Board of Trustees dropped from National Policy Institute lawsuit
MSU's Board of Trustees will be dismissed from the federal lawsuit brought against it and President Lou Anna K. Simon, by Cameron Padgett, Richard Spencer's college tour organizer.
Padgett is suing the university for denying his request to rent a room for Richard Spencer to speak in. He wants MSU to pay for all security costs associated with Spencer’s appearance on campus.
Padgett’s attorney, Kyle Bristow, offered to drop the board from the lawsuit and continue against Simon only. Judge Janet T. Neff agreed to the offer and when an amendment is filed, the board will be dropped.
Neff scolded both counsels for some of the language used in the motions filed.
Bristow’s motioned contained the phrase “hypothetical violence by the unincorporated and international collective of communists called Antifa,” and the attorneys for MSU have called Spencer “racist” and “divisive.”
“That kind of language is inflammatory and derogatory and really has no place in (court) proceedings,” Neff said. “I just am not going to tolerate it. As I said it just has not place in litigation or this courtroom.”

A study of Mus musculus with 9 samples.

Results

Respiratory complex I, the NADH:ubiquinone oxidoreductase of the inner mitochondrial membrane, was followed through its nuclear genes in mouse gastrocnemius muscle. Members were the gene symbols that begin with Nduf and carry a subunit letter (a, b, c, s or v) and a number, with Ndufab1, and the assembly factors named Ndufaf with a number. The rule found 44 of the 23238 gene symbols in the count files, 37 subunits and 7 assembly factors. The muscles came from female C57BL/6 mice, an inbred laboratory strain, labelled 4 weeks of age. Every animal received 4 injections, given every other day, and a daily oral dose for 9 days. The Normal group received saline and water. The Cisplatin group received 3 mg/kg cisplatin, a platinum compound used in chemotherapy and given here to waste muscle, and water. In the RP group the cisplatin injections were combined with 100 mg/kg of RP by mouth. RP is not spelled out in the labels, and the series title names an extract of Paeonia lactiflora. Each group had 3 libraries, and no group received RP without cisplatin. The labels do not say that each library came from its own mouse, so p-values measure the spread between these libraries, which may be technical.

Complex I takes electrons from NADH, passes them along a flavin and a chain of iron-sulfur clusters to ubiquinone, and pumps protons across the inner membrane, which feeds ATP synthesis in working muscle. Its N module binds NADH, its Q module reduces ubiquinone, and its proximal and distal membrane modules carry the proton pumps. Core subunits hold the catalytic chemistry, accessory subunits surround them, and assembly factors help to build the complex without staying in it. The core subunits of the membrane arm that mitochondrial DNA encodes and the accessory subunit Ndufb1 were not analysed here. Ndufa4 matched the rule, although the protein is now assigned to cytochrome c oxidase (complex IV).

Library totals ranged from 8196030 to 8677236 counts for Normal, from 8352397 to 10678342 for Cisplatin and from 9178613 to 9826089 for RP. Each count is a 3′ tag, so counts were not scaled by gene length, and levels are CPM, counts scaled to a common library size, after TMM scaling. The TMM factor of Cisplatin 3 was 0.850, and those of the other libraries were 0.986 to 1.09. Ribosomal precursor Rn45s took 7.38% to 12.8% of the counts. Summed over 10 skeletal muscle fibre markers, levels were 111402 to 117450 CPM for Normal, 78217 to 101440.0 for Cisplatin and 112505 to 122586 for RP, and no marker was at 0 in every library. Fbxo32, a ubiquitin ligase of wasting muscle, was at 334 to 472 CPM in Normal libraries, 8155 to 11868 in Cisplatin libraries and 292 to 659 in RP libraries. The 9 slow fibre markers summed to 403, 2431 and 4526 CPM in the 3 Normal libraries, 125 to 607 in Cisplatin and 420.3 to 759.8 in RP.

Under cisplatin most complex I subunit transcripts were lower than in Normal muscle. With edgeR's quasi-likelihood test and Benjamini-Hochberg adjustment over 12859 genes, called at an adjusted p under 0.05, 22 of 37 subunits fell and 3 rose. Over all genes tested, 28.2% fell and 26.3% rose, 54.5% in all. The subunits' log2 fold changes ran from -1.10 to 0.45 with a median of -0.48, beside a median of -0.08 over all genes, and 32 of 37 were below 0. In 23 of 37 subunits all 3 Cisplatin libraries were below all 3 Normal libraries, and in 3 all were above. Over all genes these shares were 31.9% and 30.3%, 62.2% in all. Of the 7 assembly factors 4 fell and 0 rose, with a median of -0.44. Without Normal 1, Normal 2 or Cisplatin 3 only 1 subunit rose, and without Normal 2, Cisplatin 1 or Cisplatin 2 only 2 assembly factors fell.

As proceedings move forward, Neff ordered the parties to participate in formal facilitation to potential reach an agreement without court intervention.
While the parties participate in that, court proceedings will also move along. Between filing amendments to the motions presented to the court and filing other briefs, it could be up to 91 days before another court date.
All the briefs and responses will be between the legal counsels, and the documents will not be filed with the court until either everything has been sent back and forth or the 91 days is reached.
There are two motions presented in the court. One is by Bristow asking for an injunction, which will allow Padgett to bring Spencer to campus. The other is through MSU’s counsel asking for a complete dismissal.
Bristow alleges MSU denying Padgett’s request to bring Spencer is a violation of Padgett’s First Amendment rights.
MSU’s counsel countered by saying the request was denied on the basis of safety and security concerns, not the content of Spencer’s potential speech.